Small business owners who feel they have been charged improper interest or fees by Advanta can consider seeking remedy in small claims court.
I want to be clear that we’re not in the business of giving legal advice. Business owners should talk to their lawyers about something like this. But we’ve fielded a lot of comments from Advanta customers whose credit card rates were drastically raised, and this hasn’t come up yet.
Many people want to know whether they should cash the checks that went out this week under Advanta’s settlement with the FDIC. By cashing the check, which is supposed to be restitution for two months’ worth of excess interest charges, a borrower releases Advanta from future liability. But many business owners still have balances of thousands of dollars, accumulating interest at 30%+ APRs. The average restitution check for $131 won’t help much.
Last night I spoke to Alan Finkel, a Long Island attorney who is involved in the lawsuit against Advanta in California. Finkel is a divorce mediation attorney who was an Advanta customer himself. He helped organize the suit in California (because it’s a more favorable jurisdiction for this type of action), but other attorneys who specialize in this kind of case are leading the litigation. We’ve posted the complaint here. Advanta declined to commment on the suit.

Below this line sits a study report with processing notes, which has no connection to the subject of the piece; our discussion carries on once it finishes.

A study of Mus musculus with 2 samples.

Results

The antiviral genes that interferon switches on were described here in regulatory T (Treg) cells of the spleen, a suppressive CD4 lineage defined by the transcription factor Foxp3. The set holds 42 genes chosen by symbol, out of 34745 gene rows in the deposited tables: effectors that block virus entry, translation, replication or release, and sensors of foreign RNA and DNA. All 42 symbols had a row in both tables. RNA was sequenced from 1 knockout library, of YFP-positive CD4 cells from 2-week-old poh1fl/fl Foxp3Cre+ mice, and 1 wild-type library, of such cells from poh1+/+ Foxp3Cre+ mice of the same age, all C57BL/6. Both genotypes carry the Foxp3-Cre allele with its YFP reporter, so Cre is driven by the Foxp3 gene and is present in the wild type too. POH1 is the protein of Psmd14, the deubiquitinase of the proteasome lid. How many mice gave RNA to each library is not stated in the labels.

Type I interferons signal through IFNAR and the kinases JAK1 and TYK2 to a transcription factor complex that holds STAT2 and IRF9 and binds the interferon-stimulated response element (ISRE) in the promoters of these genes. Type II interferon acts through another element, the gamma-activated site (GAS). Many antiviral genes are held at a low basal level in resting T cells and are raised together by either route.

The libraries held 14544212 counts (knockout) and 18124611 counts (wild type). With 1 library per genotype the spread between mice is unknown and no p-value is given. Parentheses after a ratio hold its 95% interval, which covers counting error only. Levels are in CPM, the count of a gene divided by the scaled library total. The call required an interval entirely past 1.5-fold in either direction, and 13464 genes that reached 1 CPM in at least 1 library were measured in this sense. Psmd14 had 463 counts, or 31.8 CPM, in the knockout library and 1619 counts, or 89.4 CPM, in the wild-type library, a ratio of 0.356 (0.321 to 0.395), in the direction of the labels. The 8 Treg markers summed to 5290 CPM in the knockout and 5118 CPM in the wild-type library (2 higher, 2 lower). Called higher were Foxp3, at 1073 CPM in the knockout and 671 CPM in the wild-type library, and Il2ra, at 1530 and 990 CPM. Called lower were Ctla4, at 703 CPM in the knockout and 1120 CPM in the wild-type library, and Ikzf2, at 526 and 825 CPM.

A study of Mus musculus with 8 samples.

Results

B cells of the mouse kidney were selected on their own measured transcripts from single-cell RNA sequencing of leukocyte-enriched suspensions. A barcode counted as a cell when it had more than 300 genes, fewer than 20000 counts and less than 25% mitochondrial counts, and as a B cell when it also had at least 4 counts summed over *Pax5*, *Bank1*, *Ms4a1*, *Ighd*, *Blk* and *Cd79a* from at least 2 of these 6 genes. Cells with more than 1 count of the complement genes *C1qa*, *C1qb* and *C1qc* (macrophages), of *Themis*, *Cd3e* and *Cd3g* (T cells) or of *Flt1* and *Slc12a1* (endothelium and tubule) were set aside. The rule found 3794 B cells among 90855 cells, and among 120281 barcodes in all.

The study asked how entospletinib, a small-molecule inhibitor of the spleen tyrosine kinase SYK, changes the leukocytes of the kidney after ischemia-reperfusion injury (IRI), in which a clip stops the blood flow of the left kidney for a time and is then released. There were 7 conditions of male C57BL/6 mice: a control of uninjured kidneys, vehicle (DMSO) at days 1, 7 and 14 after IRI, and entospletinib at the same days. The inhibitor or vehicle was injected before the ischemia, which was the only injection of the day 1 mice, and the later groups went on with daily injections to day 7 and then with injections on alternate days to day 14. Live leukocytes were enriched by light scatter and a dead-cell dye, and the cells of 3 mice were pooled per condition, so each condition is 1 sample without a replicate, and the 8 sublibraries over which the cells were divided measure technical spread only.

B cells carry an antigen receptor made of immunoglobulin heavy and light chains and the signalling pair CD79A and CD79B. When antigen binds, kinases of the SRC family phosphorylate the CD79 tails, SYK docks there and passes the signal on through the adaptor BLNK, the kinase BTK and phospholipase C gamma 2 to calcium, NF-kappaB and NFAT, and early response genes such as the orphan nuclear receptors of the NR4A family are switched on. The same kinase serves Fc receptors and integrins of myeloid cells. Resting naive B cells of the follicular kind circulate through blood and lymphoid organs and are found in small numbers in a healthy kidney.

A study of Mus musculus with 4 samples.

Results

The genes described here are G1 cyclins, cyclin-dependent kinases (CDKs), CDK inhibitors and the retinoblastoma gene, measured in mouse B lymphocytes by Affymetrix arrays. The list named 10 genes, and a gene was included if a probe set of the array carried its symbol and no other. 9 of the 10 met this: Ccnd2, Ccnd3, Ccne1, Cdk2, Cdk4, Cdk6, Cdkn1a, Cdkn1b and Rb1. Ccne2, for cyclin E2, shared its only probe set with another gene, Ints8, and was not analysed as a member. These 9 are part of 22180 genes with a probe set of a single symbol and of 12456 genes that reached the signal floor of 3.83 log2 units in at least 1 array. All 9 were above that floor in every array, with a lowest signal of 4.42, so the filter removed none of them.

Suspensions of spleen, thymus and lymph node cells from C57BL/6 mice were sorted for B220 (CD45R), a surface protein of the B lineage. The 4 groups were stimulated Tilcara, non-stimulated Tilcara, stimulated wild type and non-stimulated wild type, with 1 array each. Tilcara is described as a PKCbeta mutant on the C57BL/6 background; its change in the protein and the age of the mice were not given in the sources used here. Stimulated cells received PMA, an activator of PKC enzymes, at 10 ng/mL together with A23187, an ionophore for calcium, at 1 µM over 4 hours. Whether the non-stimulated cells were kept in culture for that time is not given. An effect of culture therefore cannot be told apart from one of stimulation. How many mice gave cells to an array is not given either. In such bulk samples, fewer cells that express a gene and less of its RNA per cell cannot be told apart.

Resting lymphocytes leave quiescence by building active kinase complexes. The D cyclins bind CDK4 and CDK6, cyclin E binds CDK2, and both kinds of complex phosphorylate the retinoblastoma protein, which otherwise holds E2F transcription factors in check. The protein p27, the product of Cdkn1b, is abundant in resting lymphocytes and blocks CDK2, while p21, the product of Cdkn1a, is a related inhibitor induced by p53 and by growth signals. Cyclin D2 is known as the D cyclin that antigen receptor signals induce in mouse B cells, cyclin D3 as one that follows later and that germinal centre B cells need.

Finkel himself says he plans to hold off on cashing his restitution check and pursue a claim in New York small claims court. (He’s not a plaintiff in the California action.)
There are lots of questions still to be settled about the California lawsuit. It could be moved to a different state, or to a federal court. It has not yet been certified as a class action (although this determination could be made in the coming weeks). If the court certifies it as a class action, it’s not clear whether it would be restricted to Advanta customers in California or nationwide. And even if there is an eventual settlement or award of damages, it’s not clear how much money plaintiffs would see. There’s also the question of whether Advanta will still exist or have any money left to pay out.
Some borrowers have filed other individual lawsuits against Advanta. Suing in civil court is usually expensive and time consuming, but if the amount of damages borrowers seek is under a certain limit (generally somewhere between $3,000 and $10,000), they may be able to file a much simpler claim in small claims court. The limits and rules vary for each state. (Here’s a useful guide to the state small claims courts, and here’s a primer on bringing a claim.)
Please keep the comments and emails coming. Your participation has been crucial to reporting this story. If any readers have taken Advanta to small claims court, let us know what your experience was.
Also, I asked Advanta about their policy for renegotiating rates, after many commenters have observed that the company seems to negotiate only with customers who stop payments. For what it’s worth, here’s Advanta’s non-answer: “The facts and circumstance of each customer are unique to that customer. Customers with questions about their account should call our customer service area at (1-800-705-7255) to discuss their specific questions.”
The big question is why the FDIC settlement was such weak medicine. Seems like a fair resolution would have at least included an order to lower the jacked up APRs and forgive the excess interest, if not restitution for the interest already paid.